In an earlier post I wrote about chasing after some attractive butterflies in early summer: The Olympia Marble, the Frosted Elfin, the Silvery Blue, and the Great Purple Hairstreak. Three of these have in common being in the group of butterflies known as the Gossamer-wings (family Lycaenidae). The other butterfly groups are more familiar to most people, the big swallowtails, and the whites and sulphurs flying over open fields, and the "regular" butterflies, the painted ladies, the buckeyes, the monarchs, the red-spotted purples.
Least familiar (and therefore most special) are the Lycaenids, which, I have written in another context, are to butterfliers what warblers are to birdwatchers. They are small, fast moving, often brightly or intricately patterned, sometimes appearing in great numbers, often very rare, always appearing unpredictably, always a pleasure to see, even the commonest ones. These are the harvesters, the coppers, the hairstreaks, the elfins, the blues.
Of the four species I wrote about in the earlier post, the marble is a white, but the other three were Lycaenids. Of the four special butterflies we have run into just now in mid summer, once again three are Lycaenids.
The first is not a great rarity, but it is so beautiful we are always grateful to see it. Some years there are a lot around, but some years they can be very scarce. This is the Juniper Hairstreak. A week or so ago we were walking along a dirt road at the Harold Alexander WMA, a road where we had often found special insects in the past. We were looking for tiger beetles, robber flies, grasshoppers, and of course butterflies. Recent rains had moistened the dirt of the road, which always brings dissolved salts to the surface, and freshly emerged male butterflies in their brightest colors were coming down to drink the salts, which they require to get into breeding condition. Cheryl spotted the tiny beautiful green butterfly (not much more than an inch wingspread) mud-puddling so intently it paid no attention to us at all. We could photograph it all we wanted, but, because it was at an awkward angle for us flat on the ground of the road, Cheryl enticed it up on her hand, to drink the salts on her skin.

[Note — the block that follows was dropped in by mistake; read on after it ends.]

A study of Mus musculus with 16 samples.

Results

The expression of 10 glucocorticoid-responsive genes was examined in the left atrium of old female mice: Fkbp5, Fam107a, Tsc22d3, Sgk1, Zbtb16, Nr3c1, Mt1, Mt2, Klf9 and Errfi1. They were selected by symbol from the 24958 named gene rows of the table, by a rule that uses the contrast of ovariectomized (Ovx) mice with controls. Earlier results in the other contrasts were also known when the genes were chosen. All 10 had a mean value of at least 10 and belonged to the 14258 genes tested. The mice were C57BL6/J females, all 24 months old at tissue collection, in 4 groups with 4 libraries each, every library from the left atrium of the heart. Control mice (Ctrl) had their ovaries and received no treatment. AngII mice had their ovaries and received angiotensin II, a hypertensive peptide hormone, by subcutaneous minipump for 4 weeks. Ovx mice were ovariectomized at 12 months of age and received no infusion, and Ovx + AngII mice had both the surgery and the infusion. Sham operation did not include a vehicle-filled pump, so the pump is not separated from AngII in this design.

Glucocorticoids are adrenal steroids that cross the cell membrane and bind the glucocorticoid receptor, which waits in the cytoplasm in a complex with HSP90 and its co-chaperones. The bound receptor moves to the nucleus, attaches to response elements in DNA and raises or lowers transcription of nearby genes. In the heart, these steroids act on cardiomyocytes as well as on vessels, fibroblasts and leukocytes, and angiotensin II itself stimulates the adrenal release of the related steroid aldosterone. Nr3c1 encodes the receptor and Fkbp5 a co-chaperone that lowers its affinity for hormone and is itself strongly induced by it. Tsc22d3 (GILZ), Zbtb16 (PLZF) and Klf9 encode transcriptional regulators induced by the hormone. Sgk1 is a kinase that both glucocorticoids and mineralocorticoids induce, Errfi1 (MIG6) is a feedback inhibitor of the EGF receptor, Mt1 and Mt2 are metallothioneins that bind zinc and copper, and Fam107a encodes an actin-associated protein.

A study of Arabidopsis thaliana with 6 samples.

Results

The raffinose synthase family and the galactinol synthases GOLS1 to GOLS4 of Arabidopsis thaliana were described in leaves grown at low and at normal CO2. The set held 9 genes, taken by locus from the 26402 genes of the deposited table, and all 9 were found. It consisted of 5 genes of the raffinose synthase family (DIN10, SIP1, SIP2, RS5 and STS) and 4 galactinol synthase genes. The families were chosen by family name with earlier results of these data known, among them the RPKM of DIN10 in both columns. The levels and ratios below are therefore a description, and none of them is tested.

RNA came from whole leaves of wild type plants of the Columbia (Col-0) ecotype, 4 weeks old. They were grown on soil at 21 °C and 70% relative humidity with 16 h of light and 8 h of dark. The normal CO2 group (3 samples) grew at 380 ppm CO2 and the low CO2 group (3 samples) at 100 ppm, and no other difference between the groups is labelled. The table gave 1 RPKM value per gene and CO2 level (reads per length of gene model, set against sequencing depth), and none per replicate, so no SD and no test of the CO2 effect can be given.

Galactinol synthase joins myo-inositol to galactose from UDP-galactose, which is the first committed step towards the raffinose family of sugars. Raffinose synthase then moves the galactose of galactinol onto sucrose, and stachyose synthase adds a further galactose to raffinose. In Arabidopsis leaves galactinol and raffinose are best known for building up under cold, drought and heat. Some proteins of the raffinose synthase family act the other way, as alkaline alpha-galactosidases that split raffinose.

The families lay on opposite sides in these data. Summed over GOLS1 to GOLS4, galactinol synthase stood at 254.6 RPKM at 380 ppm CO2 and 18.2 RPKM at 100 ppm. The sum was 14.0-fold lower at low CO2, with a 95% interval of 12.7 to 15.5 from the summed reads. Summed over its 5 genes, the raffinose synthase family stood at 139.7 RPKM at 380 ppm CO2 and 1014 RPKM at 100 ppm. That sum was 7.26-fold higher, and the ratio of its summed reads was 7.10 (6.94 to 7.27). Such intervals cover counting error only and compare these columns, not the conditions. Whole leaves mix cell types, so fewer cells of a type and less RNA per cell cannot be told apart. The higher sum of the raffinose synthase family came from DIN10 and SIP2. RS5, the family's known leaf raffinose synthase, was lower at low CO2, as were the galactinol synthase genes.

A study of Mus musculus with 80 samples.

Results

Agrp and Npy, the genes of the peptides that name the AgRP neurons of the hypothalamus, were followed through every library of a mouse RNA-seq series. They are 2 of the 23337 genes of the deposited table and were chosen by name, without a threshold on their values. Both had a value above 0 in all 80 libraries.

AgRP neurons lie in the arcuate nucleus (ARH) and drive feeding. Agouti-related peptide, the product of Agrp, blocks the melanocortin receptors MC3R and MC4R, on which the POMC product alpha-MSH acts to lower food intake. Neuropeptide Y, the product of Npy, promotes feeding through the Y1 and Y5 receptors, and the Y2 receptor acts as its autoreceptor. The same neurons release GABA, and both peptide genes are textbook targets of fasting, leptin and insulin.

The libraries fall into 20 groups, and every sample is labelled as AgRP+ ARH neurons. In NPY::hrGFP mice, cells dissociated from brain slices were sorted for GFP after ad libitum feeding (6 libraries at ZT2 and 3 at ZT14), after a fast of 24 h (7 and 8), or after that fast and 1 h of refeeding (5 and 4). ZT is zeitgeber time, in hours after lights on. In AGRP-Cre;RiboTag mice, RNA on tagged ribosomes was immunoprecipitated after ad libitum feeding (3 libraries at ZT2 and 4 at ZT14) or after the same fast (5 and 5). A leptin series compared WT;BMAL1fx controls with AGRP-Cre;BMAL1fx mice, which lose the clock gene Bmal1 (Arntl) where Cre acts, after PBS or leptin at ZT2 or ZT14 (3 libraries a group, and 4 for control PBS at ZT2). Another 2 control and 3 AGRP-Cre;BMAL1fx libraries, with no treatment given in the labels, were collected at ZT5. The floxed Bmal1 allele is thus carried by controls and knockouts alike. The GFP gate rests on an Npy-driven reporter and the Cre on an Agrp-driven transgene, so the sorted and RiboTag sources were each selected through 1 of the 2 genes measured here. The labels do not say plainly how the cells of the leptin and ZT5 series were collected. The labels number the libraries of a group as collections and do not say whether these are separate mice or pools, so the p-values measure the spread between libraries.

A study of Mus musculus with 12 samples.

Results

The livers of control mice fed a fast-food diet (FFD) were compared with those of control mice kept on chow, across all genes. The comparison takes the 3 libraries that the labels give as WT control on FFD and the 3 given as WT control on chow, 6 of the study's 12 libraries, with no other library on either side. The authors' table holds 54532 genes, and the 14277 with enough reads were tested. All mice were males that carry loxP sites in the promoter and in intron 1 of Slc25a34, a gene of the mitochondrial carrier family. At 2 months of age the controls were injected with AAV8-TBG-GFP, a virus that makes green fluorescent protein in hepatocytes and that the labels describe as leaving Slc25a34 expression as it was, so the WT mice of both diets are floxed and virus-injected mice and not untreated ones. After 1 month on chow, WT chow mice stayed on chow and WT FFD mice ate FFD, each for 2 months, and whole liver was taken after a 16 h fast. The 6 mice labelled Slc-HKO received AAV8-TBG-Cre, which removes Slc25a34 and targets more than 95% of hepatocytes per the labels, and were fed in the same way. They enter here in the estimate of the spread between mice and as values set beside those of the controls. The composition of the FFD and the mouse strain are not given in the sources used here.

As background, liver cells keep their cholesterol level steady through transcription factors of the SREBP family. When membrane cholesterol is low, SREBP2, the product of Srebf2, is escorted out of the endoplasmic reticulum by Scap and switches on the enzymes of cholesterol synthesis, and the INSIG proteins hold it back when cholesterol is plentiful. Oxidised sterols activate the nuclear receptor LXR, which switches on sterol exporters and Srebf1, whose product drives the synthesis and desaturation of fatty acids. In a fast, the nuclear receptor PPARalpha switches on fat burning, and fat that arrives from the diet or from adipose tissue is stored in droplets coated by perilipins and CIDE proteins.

A day later, taking advantage of the relatively cool settled weather, we were at Big Lake. A couple of weeks before we had been there and seen a few Bronze Coppers that looked like they could have been freshly emerged (the technical term is eclosed) from the chrysalis that day. Bronze Coppers are not only beautiful, they are also, in Arkansas, rare. Some years ago we found them at Wapanocca NWR, and then here at the Moist Soils Unit at Big Lake. So far as anyone knows, these are the only two sites where this species can be found in the state. It seems to be diminishing at Wapanocca, but it is getting commoner at Big Lake. When we found them here this year, we sent out the word, and a number of people had been here to photograph them. Now we were back checking on them, and they were everywhere, and we could not resist taking more pictures ourselves. The best thing was, the females were egg-laying on the water dock, their caterpillar host plant, which is common along the edge of the dirt path around the unit.
This was followed by a bit of serendipity, which it always is when you find a Harvester. You don't look for a Harvester, they just magically appear. This little Lycaenid has a subtle and quite handsome pattern and is noteworthy because it has carnivorous caterpillars. The female Harvester looks for some plant with an infestation of aphids and lays her egg on that plant, and the caterpillar goes off looking for the aphids to devour. But on this day it wasn't a female we found, it was a male who had set up a territory and was waiting for a female to come by (maybe they have as hard a time finding them as we do). The male carves out a territory of about ten feet along a path. He flies up and down the path slowly, showing off his tasteful pattern, and then he lands on a bush at about eye height looking around eagerly. Here he is on his bush.
Well, we don't have a Lycaenid for our fourth species; it barely counts as a butterfly. It is a Silver-spotted Skipper. And indeed we didn't even find the adult skipper, we found its caterpillar. The Silver-spotted Skipper itself is a nice enough creature which flashes a big silver spot on its underwing when it flies, but way too common to rate as being special. But you don't see the caterpillar every day, and get a chance to interact with it.
Cheryl found a rolled up pea leaf and unrolled it, and there was the caterpillar inside, immediately identifiable by its dark head capsule with the huge yellow fake eyes on it, to make it look like something dangerous to any bird that peaked inside the leaf roll. We had exposed it, so it went into its next defensive act, which was to open its jaws as wide as possible and try its best to look like the furious fiend from hell. We were impressed and rolled him back up.